Hospital executives, with some support in Congress, are lobbying for more regulation to protect health information from unscrupulous data mongers. But HHS (the U.S. Department of Health and Human Services) is pushing forward with rules that leave that responsibility in patients’ hands.
As federal rule-makers grapple with making patient data more easily shareable, some health leaders fear that their actions could lead to a proliferation of apps selling or exploiting medical data. They worry that patients are likely to sign away their rights to data — perhaps including detailed family histories — without realizing what they're doing.
“There’s going to be new apps coming online every single day,” said Steven Lane, clinical informatics director of Sutter Health and a member of ONC's HIT (Health Information Technology) Advisory Committee. Patients should be able to access their data, but "most patients who are using these tools don’t fully understand the privacy implications.”
At the same time, it's not reasonable to expect providers to vet health apps for patients, "as it is neither a priority, a mandate, nor an area where they are likely to have domain expertise," Lane said. EHR vendors often test apps before offering them in their app stores. But it will be hard for providers to do that on their own, especially when patients are sending data to apps they've discovered independently, he said.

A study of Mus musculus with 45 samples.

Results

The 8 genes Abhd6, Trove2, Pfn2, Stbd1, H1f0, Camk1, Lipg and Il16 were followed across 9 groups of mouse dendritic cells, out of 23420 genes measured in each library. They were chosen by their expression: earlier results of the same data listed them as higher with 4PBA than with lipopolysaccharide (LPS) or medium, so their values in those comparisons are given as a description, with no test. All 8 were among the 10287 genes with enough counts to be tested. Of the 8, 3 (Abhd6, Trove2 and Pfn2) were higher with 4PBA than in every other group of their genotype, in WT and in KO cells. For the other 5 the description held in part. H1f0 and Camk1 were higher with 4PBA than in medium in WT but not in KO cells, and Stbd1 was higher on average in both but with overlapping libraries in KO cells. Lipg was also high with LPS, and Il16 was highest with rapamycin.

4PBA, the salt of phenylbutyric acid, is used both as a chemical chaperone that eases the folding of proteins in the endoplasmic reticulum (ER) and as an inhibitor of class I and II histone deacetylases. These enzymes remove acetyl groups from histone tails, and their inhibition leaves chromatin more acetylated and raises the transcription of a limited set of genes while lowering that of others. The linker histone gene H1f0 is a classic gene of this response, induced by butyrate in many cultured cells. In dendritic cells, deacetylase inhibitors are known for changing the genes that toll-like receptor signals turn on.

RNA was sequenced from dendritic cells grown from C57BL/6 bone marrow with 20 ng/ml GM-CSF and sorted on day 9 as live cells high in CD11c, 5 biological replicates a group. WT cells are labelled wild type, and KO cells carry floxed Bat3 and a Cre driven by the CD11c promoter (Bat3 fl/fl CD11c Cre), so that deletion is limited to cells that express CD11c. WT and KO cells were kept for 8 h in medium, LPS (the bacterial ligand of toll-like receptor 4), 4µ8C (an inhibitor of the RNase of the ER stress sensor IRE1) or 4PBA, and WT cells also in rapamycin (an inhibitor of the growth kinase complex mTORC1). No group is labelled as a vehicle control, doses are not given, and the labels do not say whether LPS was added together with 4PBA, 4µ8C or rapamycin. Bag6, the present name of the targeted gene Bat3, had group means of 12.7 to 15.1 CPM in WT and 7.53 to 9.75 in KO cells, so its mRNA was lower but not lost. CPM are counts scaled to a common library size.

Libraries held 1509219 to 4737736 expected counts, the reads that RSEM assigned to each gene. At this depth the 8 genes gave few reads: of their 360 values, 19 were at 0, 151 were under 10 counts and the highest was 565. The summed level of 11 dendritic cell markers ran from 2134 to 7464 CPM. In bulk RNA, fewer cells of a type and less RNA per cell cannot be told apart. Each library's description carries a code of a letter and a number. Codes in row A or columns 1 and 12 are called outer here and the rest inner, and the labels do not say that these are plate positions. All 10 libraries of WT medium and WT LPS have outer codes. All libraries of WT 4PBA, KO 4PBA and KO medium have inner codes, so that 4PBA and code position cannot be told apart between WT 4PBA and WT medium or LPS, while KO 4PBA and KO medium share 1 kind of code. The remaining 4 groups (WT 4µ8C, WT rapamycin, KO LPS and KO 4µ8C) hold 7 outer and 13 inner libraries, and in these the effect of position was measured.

Federal guidelines establishing exactly what health apps can do with patient data, and how they should obtain consent from patients, could be helpful, argue Lane and other advocates for more privacy oversight. When they export their data into an outside app, patients need to know that it will no longer be protected by HIPAA (Health Insurance Portability and Accountability Act), and that the data "could be sold, and could be re-purposed, and could be aggregated and disaggregated," Lane said.